Berdych back in limelight after Federer scalp


Originally published on: 06/09/12 00:00

It’s been a funny old year for Tomas Berdych. Capable of towering highs and desperate lows from one week to the next, the Czech put to bed memories of his first round losses at both Wimbledon (Ernests Gulbis) and the London Olympics (Steve Darcis) by disposing of five-time champion Roger Federer at Flushing Meadows.

Having not made a Grand Slam semi-final since his runner-up finish at Wimbledon in 2010, the world No.7 roared back into the limelight on the big stage after ending the world No.1s tilt for an 18th Grand Slam title in the quarter-finals.

The Czech hasn’t entirely got Federer’s number – he still trails 11-5 in their 16 career meetings – but he has certainly delivered against the Swiss on the big stage of late. His 7-6 (7-1) 6-4 3-6 6-3 triumph on Arthur Ashe on Wednesday night adds to his significant quarter-final scalp of Federer at Wimbledon in 2010 and in the second round of the Athens Olympics all the way back in 2004. Berdych also prevailed in their quarter-final meeting in Cincinnati last year and in their fourth round meet in Miami in 2010.

“With my game I’m able to make him some trouble,” said 6’5” Berdych. “Even if he’s playing well, there is something in my game that he doesn’t like. It makes him struggle a bit. Maybe [I] bring him out of his comfort zone. He always likes to be on court. He always likes to have a time. He always likes to be the one who is dictating the game. If there is someone different, someone else who can be in his position [he can struggle], that’s the way I am successful in a couple of matches with him.”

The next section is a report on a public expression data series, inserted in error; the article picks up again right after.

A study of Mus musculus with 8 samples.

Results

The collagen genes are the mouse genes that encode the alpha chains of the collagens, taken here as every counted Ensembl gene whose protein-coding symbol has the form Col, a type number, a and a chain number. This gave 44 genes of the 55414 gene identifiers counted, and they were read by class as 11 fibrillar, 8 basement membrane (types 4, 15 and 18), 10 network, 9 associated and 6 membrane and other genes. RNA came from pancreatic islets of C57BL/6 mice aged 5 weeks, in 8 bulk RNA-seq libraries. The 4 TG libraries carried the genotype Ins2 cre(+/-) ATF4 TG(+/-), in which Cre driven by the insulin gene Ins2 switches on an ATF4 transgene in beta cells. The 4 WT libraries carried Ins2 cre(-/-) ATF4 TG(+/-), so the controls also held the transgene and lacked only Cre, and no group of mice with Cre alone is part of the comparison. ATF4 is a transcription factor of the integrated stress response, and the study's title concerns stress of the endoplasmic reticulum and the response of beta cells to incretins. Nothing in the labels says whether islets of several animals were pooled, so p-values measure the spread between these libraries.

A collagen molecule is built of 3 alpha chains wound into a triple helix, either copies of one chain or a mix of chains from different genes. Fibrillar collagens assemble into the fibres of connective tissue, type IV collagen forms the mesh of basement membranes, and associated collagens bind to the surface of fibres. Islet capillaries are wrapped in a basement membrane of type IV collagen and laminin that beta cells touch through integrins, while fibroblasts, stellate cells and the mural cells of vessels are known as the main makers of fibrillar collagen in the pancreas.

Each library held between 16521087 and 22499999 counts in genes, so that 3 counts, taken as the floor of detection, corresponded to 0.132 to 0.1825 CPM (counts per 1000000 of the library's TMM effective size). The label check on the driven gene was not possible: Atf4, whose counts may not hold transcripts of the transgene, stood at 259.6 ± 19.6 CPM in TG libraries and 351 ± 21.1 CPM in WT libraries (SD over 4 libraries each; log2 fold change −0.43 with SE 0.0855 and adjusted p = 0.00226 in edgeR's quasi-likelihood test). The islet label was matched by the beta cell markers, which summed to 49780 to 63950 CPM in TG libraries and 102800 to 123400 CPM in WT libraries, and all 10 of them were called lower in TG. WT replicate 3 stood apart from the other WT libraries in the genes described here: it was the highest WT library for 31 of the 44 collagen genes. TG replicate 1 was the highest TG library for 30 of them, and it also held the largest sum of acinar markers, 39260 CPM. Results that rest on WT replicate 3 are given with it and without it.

Set to take on Andy Murray in his first US Open semi-final having never before been beyond the fourth round on his previous nine attempts in New York, Berdych has reason to be confident. He holds a 4-2 record over the world No.4 and won their only previous Grand Slam meeting in the fourth round of the French Open in 2010.

“I will do something different for my next match,” Berdych declared. “I have a few days off to get ready, to get rest, to prepare again and you know, try to keep my game on the same level. If I’m able to play my game then I have a quite dangerous game to beat anyone.”


Tim Farthing, Tennishead Editorial Director & Owner, has been a huge tennis fan his whole life. He's a tennis journalist and entrepreneur as well as playing tennis to a national standard. He also helps manage his local club and volunteers for his local tennis organisation. He's a specialist in content about the administration of professional tennis and tennis coaching for all levels.